Mark Vincent is WBIS—Washington Bureau of Intelligence and Security. Quinton Mann is staunchly CIA. Mark thinks the CIA is full of dilettantes who leave him and the rest of the WBIS to clean up their messes. Quinn thinks most WBIS agents are sociopathic loose cannons. So they don’t exactly get along.
Of course, just because they don’t like each other doesn’t mean they can’t play mind games on each other. Or sleep together. But when an explosion at Mark’s apartment sends Quinn to the morgue to ID a body, he has to reevaluate his position on denial.
I want to be upfront and honest in this review about the book, Houseboat on the Nile by Tinnean. I have not read any of Tinnean’s other books, so I wasn’t sure what to expect from this book. It was hard read for me because of the constantly changing, first person point of view (POV), and the flashbacks. However, I was captivated enough by all the characters and their story to keep reading and I’m glad I did.
This is a story about spies and competing government intelligence agencies set in 2002. The main characters, Mark Vincent and Quentin Mann, are both alphas who strive to be the best, and as Mark would say, he is the best, period. Mark is a man who had a rough upbringing. Quinn grew up in a privileged family whose business happened to be government intelligence. We get to meet Quinn’s mom and we also meet some of the people Mark has let get close to him over the years, which are few. The mishmash of worlds is interesting and had me wanting to know more, especially about Mark’s pet rent boys!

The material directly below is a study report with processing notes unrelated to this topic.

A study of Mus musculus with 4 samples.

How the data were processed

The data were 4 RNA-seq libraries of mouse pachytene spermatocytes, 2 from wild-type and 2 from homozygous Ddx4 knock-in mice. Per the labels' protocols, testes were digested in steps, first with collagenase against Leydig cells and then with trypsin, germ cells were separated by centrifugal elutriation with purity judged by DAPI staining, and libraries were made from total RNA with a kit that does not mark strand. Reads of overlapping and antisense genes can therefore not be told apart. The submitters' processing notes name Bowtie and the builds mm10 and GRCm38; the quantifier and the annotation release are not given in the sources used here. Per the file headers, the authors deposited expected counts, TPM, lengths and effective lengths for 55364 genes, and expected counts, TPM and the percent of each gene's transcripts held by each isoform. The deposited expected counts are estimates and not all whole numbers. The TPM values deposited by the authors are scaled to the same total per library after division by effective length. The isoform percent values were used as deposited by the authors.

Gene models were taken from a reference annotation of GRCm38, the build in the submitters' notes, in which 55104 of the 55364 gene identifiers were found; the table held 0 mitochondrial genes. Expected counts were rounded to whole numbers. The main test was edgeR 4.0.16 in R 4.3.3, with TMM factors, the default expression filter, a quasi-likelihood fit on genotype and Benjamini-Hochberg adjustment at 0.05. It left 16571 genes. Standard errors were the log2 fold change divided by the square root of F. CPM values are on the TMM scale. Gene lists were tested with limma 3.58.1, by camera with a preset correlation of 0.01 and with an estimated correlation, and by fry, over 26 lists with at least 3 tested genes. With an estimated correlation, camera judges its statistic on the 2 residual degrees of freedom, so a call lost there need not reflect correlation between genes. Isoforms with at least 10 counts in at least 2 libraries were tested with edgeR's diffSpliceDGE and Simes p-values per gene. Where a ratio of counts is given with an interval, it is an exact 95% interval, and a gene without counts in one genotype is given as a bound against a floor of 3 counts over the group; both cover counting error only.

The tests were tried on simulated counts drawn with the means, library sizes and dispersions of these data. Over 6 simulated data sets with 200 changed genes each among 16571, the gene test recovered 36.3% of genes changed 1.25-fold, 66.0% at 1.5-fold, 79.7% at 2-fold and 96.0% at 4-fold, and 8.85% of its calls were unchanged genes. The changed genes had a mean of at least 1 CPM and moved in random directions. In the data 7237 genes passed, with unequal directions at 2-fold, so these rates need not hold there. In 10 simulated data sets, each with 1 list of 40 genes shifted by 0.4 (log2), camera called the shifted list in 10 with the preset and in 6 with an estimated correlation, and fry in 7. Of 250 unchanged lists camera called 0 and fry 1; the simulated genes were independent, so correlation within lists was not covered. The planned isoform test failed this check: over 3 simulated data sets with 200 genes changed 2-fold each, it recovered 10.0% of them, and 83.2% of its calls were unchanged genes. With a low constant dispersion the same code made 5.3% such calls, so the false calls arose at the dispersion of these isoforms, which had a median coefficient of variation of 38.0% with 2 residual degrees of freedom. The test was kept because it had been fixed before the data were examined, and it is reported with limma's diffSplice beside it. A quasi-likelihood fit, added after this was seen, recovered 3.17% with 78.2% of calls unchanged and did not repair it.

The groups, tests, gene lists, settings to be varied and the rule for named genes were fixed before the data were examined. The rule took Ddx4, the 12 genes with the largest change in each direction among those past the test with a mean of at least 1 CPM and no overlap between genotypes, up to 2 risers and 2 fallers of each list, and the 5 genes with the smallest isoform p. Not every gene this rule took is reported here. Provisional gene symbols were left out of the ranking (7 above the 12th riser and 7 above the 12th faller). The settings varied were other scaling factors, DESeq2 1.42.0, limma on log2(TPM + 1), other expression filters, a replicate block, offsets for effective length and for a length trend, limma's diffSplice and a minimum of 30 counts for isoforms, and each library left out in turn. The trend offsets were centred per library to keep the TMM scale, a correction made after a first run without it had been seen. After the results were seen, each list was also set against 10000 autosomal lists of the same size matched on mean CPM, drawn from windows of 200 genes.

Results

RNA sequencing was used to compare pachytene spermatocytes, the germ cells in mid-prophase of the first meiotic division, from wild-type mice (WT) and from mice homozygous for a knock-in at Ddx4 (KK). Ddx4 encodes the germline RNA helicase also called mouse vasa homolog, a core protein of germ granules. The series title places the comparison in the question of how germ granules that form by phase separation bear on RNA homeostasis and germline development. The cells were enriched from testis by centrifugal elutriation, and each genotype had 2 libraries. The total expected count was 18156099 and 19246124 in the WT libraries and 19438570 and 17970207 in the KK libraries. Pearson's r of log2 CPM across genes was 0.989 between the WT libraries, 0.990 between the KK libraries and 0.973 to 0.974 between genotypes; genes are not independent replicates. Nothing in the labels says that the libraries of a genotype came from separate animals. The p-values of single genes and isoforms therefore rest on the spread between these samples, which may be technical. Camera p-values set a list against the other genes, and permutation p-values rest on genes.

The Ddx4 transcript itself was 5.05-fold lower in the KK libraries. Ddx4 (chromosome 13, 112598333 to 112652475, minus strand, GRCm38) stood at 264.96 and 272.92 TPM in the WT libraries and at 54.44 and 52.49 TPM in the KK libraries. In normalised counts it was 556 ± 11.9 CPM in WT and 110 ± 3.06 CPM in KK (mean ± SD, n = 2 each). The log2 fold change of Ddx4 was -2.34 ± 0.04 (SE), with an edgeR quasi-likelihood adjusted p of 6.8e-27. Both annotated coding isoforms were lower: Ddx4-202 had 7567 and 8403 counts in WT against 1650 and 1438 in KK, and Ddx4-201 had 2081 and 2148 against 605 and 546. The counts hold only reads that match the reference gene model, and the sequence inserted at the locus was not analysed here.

The plot of this book is a bit convoluted and it’s hard to summarize without giving too much away, so the snippet the publisher gives is just as good as anything I could say. I LOVE the secondary characters of in the book and this story has stuck with me a lot longer than some I read. If you like spy books or movies and like a multi-layered plot with intriguing characters, then this book is for you. As I said at the beginning, the story is told in first person and there is not a really clear way to tell when another character starts his POV, but if you can get past that, this is a great read and I will be anxiously awaiting the next installment of the Spy vs. Spook series. (FYI, as far as I can tell, the title has absolutely NOTHING to do with the book.)